Escapism Is Not A Bad Word

As someone who suffers from bouts of deep depression and spent years on anti-depressants, I can testify to the healing power of distraction. I remember being in high school, suffering from the usual teen insecurity with a dark layer of depression on top and some ADHD and Dyslexia thrown in for a sweet topping and some teacher, wanting to elevate my tastes, would drop something dreadful into my lap and tell me to read it.

I don’t know what it is about Melville’s dense, forbidding prose that English teachers think is going to inspire comic book fans, but it doesn’t. In fact, if you really want to enjoy Moby Dick’s fascinating story, read the Cliff’s notes.

I also remember checking out hardcover SFF novels from the school library and covering them like my school texts so I could read them in class without getting caught. Well, except when I was called on and had no idea what was the teacher was even talking about.

So today, when my news feeds are just so, so awful I can’t stand them anymore, I choose to look away, to focus on the things I love. As a Genrist, those things will rightfully involve SFF, Horror, & Crime Fiction. Cash me below the jump.

As I’ve probably mentioned on here before, my mother always wanted more for me than to waste my brain on pop culture (I had more than one Mad Magazine confiscated in my childhood) but my father was a big SFF fan. He maintained an entire bookshelf in our basement to house all the books he’d ever read. It was quite a collection and I was allowed to read anything on those shelves because I never asked.

The thing about reading science fiction when you’re very young is that your concept of reality hasn’t quite solidified yet so everything in those books seems likely to happen in your near future. I was especially taken by the Heinlein juveniles (what we now call Young Adult and New Adult) because they were about boys just a little bit older than me going on wild adventures where their true mettle would shine through.

That’s magic for a boy who’s not fitting in well with the established world around him. Join the starship troopers and become an interplanetary ass kicker! Become a starman and help navigate interstellar space travel. PodKayne of Mars was even about a girl (imagine that) which I found so beguiling I read the book a second time immediately after finishing. There were flat cats and, when I got older, sentient sensual robots.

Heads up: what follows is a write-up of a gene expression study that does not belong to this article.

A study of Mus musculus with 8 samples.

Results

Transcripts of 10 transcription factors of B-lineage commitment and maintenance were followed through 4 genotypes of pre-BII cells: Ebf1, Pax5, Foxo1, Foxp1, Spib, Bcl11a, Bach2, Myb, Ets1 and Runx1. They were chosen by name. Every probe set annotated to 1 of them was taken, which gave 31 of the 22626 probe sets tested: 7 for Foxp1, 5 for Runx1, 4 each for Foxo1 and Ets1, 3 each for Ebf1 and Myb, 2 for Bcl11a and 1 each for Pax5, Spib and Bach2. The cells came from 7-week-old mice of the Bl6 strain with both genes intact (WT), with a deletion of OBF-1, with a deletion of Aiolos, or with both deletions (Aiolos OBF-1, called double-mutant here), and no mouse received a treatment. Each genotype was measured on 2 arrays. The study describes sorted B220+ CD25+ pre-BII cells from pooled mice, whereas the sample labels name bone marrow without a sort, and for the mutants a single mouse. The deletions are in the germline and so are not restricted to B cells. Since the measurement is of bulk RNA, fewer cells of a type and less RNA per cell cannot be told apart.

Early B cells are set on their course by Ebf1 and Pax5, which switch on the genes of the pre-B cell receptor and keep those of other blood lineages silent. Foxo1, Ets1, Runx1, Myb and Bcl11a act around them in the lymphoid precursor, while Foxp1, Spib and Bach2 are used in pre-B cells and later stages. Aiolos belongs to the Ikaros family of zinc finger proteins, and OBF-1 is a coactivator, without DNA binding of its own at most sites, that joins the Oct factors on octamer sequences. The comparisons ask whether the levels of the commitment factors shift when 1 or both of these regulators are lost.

And then there was Stranger in a Strange Land. I read this for the first time when I was in sixth grade and though it blew my mind totally (and inserted the verb To Grok into my vocabulary) I only got about half of it on the first pass. After reading Dune in 8th grade, I returned to Stranger for a second read and let it blow my mind in a whole new way.

Dragon in the Sea had psychic submariners. Alas Babylon had the first semi-realistic depiction of a post-nuclear holocaust America. A Canticle For Leibowitz drove the point home even further. Asimov’s Foundation series stood in stark contrast to Heinlein’s adventurism with its stentorian tone and absolute faith that science would overcome all.

And The Man in the High Castle posited a world where the Axis powers triumphed in WWII. Shudder. Imagine Nazis walking the streets of Charlottesville with impunity.

When I could get my hands on them (and it wasn’t easy) I used to consume Warren comics as if inhaling them. Eerie, Creepy, Vault of Horror, and my first fictional crush, Vampirella. Parents were wrong to disapprove of those comics. Yes, they brimmed with horrible deaths and unimaginable tortures, but there was an unshakable morality to every story. The guy who got it in the end was a guy who really deserved it.

If anything, those horror comics didn’t prepare me for the wildly unjust future I’m living in now. If things were as Creepy said they should be, hordes of ghouls would be descending on Congress tonight.

Science fiction movies didn’t really play well in the pre-Star Wars era and it was hard for me to get to the movies due to cost and travel requirements, but we could always count on Hammer Films to bring out another crimson gore soaked monstrosity every six months. So what if the other kids made fun of your pre-braces buck teeth, you could lose yourself in a Dracula movie with some Reese’s cups and a large coke.

So my entertainment world was divided into science fiction in books and horror on screens and in comics. Every now and then a movie would come out that would have broken that rule, but I was too young to see 2001: A Space Odyssey. It took oodles of money to make a science fiction film when I was a kid in the pre-CG world, but any idiot with a camera and some hippy friends could make a movie like Last House On The Left or The Hills Have Eyes.

Even in adulthood when the pressures of supporting a family, raising children, starting a business started to pile up, I could always disappear into a Stephen King novel. My eyesight is so messed up it takes me days to read a novel, but that turned out to be a good thing. I got to spend more time in that world and less in mine.

The attacks on pop culture are long past as nerds have taken over the world and, while that’s a good thing in general, I miss the feeling of being in on a secret when so few people would even admit to reading the books I read. If you met someone who was also into Warren comics you got this frisson of acknowledgement like two members of a secret society after realizing each knew the complicated handshake.